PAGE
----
Dolls of people in the trees around one section of Lugu Lake. There were actually four of them, but my camera died before I was able to photograph all of them.
In Chinese there is a word, chunyun, it is used to describe the high traffic during the Chinese New Year. Everyone heads back to their family home from the holidays. Knowing this, it wasn’t so surprising then that they were sold out of tickets for the sleeper section of the train when we went to buy them not much more than week before travelling to Lugu Lake.
The area is made up of a number of small villages surrounding a large mountainous lake which crosses the border of Sichuan and Yunnan provinces. It is advertised as “the kingdom of the female,” as the Mosuo ethnic group there continues to live in matriarchal societies. Depending on which section you go you will find either a fairly traditional style of Mosuo life or a lot of hotels and tourist shops. Although the spring and summer months bring in a lot of tourists, the winter is still very quiet. It is in the mountains so it does snow and is quite cold during the morning and night, but generally sunny and warm in the afternoons.
A screenshot of microblogging website Fanfou on my computer.
Please note the search for “microblogging,” the open tabs on websites Youku and Douban, and, in the lower left, the notice from my VPN service saying it cannot connect.
Last week CBC Radio’s program Spark featured an interview with Columbia University law professor Tim Wu discussing his new book The Master Switch. The book examines the rise and fall of information empires in radio, Hollywood and, most recently, the internet. Wu argues that what has happened historically with information empires is that after they pass through an early Golden Age they become more and more monopolized, and if this cycle continues we will see the dominance of fewer and fewer companies on the web.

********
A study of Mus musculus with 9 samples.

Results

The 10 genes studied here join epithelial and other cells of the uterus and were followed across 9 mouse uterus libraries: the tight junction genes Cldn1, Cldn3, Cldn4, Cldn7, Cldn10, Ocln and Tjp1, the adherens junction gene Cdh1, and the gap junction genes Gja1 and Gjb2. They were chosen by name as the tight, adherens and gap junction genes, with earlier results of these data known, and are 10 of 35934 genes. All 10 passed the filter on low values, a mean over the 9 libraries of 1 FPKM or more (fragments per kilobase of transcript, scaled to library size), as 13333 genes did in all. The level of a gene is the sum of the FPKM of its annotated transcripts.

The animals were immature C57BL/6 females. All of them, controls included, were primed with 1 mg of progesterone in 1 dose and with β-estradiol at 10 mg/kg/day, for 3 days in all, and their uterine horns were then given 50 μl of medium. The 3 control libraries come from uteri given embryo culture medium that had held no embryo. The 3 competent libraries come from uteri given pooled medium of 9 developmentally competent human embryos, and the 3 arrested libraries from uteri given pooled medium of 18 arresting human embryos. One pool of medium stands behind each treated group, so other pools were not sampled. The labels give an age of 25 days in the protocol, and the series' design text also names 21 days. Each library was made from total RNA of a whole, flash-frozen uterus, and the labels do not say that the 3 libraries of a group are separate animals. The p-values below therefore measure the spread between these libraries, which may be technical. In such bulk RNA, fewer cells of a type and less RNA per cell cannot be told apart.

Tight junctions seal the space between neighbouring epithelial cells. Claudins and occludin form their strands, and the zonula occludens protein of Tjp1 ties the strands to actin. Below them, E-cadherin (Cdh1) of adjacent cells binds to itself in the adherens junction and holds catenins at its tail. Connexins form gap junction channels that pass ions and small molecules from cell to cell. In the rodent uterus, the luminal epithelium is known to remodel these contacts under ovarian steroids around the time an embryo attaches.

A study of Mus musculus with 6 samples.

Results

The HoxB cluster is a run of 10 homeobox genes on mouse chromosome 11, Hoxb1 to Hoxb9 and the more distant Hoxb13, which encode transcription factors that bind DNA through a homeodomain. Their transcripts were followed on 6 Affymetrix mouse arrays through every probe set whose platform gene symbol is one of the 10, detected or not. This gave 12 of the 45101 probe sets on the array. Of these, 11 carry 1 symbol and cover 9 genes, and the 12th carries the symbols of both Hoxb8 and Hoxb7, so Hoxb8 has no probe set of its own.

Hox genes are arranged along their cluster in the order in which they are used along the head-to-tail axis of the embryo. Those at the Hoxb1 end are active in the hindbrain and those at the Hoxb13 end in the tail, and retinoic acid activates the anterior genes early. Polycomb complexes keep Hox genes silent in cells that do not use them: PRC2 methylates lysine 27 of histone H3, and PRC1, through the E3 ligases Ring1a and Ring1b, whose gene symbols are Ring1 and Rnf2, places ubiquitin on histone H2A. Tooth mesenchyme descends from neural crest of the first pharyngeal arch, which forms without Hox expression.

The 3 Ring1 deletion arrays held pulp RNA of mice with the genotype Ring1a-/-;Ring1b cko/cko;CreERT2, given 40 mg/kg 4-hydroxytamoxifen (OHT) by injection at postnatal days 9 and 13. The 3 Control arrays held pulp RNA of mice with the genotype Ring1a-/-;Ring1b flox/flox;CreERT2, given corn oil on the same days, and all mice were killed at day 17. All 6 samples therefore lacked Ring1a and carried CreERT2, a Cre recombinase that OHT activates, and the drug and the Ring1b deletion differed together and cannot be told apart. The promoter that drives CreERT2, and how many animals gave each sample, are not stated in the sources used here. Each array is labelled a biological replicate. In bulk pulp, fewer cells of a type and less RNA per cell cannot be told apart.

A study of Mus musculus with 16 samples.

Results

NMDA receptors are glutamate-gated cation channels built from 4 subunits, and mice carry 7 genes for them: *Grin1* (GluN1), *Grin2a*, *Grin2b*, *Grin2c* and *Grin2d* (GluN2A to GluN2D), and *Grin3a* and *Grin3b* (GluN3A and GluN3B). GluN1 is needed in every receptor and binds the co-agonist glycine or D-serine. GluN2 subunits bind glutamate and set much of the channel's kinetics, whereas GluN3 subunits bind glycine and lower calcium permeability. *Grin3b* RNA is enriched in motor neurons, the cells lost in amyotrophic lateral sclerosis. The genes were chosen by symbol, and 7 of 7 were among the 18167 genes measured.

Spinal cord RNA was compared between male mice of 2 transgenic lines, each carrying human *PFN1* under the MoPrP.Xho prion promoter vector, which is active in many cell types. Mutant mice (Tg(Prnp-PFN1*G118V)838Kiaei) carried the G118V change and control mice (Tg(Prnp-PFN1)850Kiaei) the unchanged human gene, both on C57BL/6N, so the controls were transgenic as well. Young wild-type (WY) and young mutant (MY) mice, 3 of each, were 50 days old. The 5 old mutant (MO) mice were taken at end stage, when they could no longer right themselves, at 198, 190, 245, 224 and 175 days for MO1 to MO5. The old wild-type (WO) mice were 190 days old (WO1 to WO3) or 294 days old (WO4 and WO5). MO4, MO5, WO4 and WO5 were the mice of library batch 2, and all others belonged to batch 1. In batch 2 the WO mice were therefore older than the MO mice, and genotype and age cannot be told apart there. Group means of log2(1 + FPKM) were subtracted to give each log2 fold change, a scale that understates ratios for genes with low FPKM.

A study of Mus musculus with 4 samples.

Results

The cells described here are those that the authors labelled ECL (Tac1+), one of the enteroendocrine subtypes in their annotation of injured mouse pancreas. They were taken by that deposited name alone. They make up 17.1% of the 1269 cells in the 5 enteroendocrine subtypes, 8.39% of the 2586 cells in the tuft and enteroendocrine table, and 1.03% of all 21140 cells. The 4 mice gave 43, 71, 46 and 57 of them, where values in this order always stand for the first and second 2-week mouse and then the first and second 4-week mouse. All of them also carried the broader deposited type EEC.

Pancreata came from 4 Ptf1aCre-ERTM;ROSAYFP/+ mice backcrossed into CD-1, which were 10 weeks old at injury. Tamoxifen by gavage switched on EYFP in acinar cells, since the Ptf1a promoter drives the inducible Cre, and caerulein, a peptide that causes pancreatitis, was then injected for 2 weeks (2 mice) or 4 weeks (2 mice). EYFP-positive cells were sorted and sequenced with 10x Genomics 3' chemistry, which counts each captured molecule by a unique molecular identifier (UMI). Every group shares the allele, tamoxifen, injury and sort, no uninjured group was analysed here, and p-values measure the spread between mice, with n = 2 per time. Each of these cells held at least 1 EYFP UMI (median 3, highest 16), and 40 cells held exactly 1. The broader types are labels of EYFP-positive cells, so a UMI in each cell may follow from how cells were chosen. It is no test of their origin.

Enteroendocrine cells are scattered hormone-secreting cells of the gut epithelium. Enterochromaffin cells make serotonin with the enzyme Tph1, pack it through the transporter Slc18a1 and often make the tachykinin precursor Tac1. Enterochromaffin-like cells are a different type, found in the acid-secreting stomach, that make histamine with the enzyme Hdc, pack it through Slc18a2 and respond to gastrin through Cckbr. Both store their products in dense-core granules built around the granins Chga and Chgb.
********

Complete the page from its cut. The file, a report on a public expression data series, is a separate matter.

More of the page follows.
The take over of particular spheres of the internet certainly seems to be happening today. We use Facebook for social networking, Twitter for microblogging, Youtube for online videos, and so forth. However, in China different local monopolies have developed.
Wu’s discussion of the internet in general deals with the issue of growing global monopolies, however elsewhere in an article for Slate.com his take on internet use in China only focuses on the over emphasized, and fairly limited, debate on the censorship of information related to democracy and other “sensitive issues.”
If we look at China’s internet censorship in relation to global monopolies rather than censorship only as censorship, we can come to different conclusions. I do not want to suggest censorship of internet in China is a positive tool in general, rather that the results of it are more complicated than often suggested.
This is part of a series of apartment blocks next to the foreign student dorms at Sichuan University. Everyone has moved out of the apartments except for one elderly man who lives on the third floor. The building continues to be used by prostitutes from outside of the university's west gate and their clients.